401(k) Tips

Do employer contributions affect 401k limits?

When contributing to a 401(k) plan, you must watch out for the IRS contribution limits. Find out how employer contributions affect the 401(k) limit.

3 min read

A 401(k) is an employer-sponsored plan that allows employees to contribute part of their paycheck for retirement. The employee must decide how much to contribute, but it should not exceed the IRS contribution limit. These contributions are deducted automatically from your paycheck and deposited to your 401(k) account. If the employer offers a match, you should collect the free money to max out your 401(k) contributions.

The employer contribution does not affect your 401(k) contribution limit. However, the IRS places a cap on the total employee and employer contributions made to a 401(k) in a specific year. For 2021, the total contributions to a 401(k) should not exceed $58,000, or $64,500 if you are above age 50.

401(k) Employee Contribution Limits for 2020 and 2021

If your employer offers a 401(k) plan, you can join the retirement plan, and start saving for your retirement. However, you can only contribute to the 401(k) up to a certain limit. In 2020 and 2021, you can contribute to the 401(k) account up to $19,500 per year, and this limit includes the salary deferral and any contributions made to a Roth 401(k). If you have multiple 401(k)s, the cumulative contributions to the 401(k)s should not exceed the IRS limit. However, if you have an IRA, the IRA contributions do not count towards the 401(k) limit. If you are above age 50, the IRS allows you to contribute an extra $6,500 to speed up your retirement savings. This increases your total 401(k) contribution to $26,000.  

Employer Contribution Limits

One of the perks of a 401(k) plan is the ability to collect an employer’s match. If your company offers a match, you should find out if you are eligible to receive the benefit. Some employers allow employees to start collecting the match immediately after joining the company, or after working in the company for a specific number of months. The employer may match $0.5 to $1 of every dollar you contribute to the 401(k) account up to 6% of your salary. 

The employer can contribute to your 401(k) regardless of how much you contribute, but there is a cap on the total contributions. For 2021, the cap on the total employer and employee contribution is $58,000. If you are age 50 or older, the total contribution increases to $64,500 ($58,000 + $6,500 catch-up contribution). The total employee and employer contributions should not exceed 100% of an employee’s annual pay.

Contribution Limit for Highly Compensated Employees

Some 401(k) plans may provide additional contribution limits for highly compensated employees (HCE). For a 401(k) plan to remain ERISA-compliant, HCEs in the plan cannot contribute 2% more than the non-highly compensated employees. For example, if regular employees contribute 5% of their salary to 401(k), an HCE cannot contribute more than 7% of their cumulative salary.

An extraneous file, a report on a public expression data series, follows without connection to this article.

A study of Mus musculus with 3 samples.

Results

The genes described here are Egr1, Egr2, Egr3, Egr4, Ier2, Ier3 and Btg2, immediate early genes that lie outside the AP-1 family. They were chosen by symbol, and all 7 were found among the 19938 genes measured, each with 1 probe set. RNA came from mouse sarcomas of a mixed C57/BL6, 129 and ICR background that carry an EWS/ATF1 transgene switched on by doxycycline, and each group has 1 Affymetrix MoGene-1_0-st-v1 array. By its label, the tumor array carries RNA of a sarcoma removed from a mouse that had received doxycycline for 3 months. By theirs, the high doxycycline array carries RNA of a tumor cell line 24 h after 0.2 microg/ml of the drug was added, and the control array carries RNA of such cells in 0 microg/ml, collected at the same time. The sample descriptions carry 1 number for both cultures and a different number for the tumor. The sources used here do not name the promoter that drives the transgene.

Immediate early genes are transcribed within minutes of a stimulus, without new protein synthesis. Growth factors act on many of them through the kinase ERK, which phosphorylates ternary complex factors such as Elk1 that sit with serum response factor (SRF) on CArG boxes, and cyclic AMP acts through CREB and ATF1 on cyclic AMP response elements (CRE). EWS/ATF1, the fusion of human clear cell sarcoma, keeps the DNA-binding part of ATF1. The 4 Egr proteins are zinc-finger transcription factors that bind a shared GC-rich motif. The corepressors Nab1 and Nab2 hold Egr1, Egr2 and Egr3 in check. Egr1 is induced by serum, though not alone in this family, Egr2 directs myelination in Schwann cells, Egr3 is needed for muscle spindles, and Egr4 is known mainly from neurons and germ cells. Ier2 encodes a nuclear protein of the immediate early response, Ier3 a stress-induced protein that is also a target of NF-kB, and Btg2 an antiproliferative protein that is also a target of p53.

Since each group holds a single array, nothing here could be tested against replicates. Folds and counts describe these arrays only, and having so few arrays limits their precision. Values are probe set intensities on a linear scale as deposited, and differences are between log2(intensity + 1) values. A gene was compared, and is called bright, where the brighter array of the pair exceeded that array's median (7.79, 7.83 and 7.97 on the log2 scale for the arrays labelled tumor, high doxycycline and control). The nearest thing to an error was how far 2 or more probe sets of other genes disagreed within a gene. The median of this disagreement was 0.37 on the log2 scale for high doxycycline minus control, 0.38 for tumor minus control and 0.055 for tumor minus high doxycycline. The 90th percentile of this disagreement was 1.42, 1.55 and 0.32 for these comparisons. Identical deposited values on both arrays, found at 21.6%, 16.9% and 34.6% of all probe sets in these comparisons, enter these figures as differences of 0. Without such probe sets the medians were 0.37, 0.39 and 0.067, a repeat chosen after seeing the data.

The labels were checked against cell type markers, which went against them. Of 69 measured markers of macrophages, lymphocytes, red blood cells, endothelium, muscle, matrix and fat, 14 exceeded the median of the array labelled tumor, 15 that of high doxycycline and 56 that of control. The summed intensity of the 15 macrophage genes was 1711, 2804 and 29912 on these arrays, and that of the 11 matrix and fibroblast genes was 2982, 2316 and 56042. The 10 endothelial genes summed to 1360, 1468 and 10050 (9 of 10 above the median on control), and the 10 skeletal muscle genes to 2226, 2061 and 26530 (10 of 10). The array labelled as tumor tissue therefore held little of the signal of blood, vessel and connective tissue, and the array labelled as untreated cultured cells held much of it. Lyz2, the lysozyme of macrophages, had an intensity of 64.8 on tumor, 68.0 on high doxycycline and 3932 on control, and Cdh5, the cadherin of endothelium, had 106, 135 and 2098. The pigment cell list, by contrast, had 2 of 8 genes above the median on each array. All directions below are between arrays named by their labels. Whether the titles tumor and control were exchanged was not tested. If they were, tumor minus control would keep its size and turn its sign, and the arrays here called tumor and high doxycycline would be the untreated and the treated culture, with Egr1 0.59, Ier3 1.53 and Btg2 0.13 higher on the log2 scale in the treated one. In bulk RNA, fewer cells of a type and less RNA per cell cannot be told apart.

For an employee to qualify as a highly compensated employee, they must meet certain conditions. They must own 5% or more of the business sponsoring the 401(k) plan during the past year and must exceed the annual compensation limit provided by the IRS. For 2021, they must have earned $130,000 or more from the company sponsoring the 401(k) plan.

Traditional 401(k) vs. Roth 401(k) Contributions

If you have a traditional 401(k) and Roth 401(k), these retirement accounts have different tax treatments. With a traditional 401(k), you will get a tax break on your income when you contribute to the retirement account. For example, if your annual salary is $50,000, and you contribute to a 401(k) up to the allowed limit of $19,500, your taxable income will be $30,500.

In contrast, if you contribute to a Roth 401(k), you will not get a tax break. This is because a Roth 401(k) is funded with after-tax money, meaning that you contribute money on which taxes have been taken out. If you take a distribution from a Roth 401(k) after attaining retirement age, you won’t pay any income taxes on the distribution. Also, if your employer offers a 401(k) match, the matching contributions cannot be added to a Roth 401(k). Instead, the employer contributions are added to a traditional 401(k). 

What Happens If You Contribute Too Much to 401(k)?

If your 401(k) contributions exceed the allowed IRS limit, you must take immediate action to avoid double taxation. Once you discover that you made excess contributions, you should notify the plan sponsor or your employer immediately. The IRS requires that participants must notify the 401(k) plan by March 1 of the following tax year.

The 401(k) plan should make a corrective distribution and return the excess distribution, plus any additional earnings attributable to the excess contribution by April 15. Your employer will be required to update your W-2 form to reflect the excess distribution. If the excess contribution had some earnings, you will receive Form 1099-R to report the earnings paid to you.

If the employer does not refund the excess contribution by April 15 of the following tax year, you could be taxed twice. You will owe income tax on the excess contribution in the year when you made the excess contribution, and when the corrective distribution is made.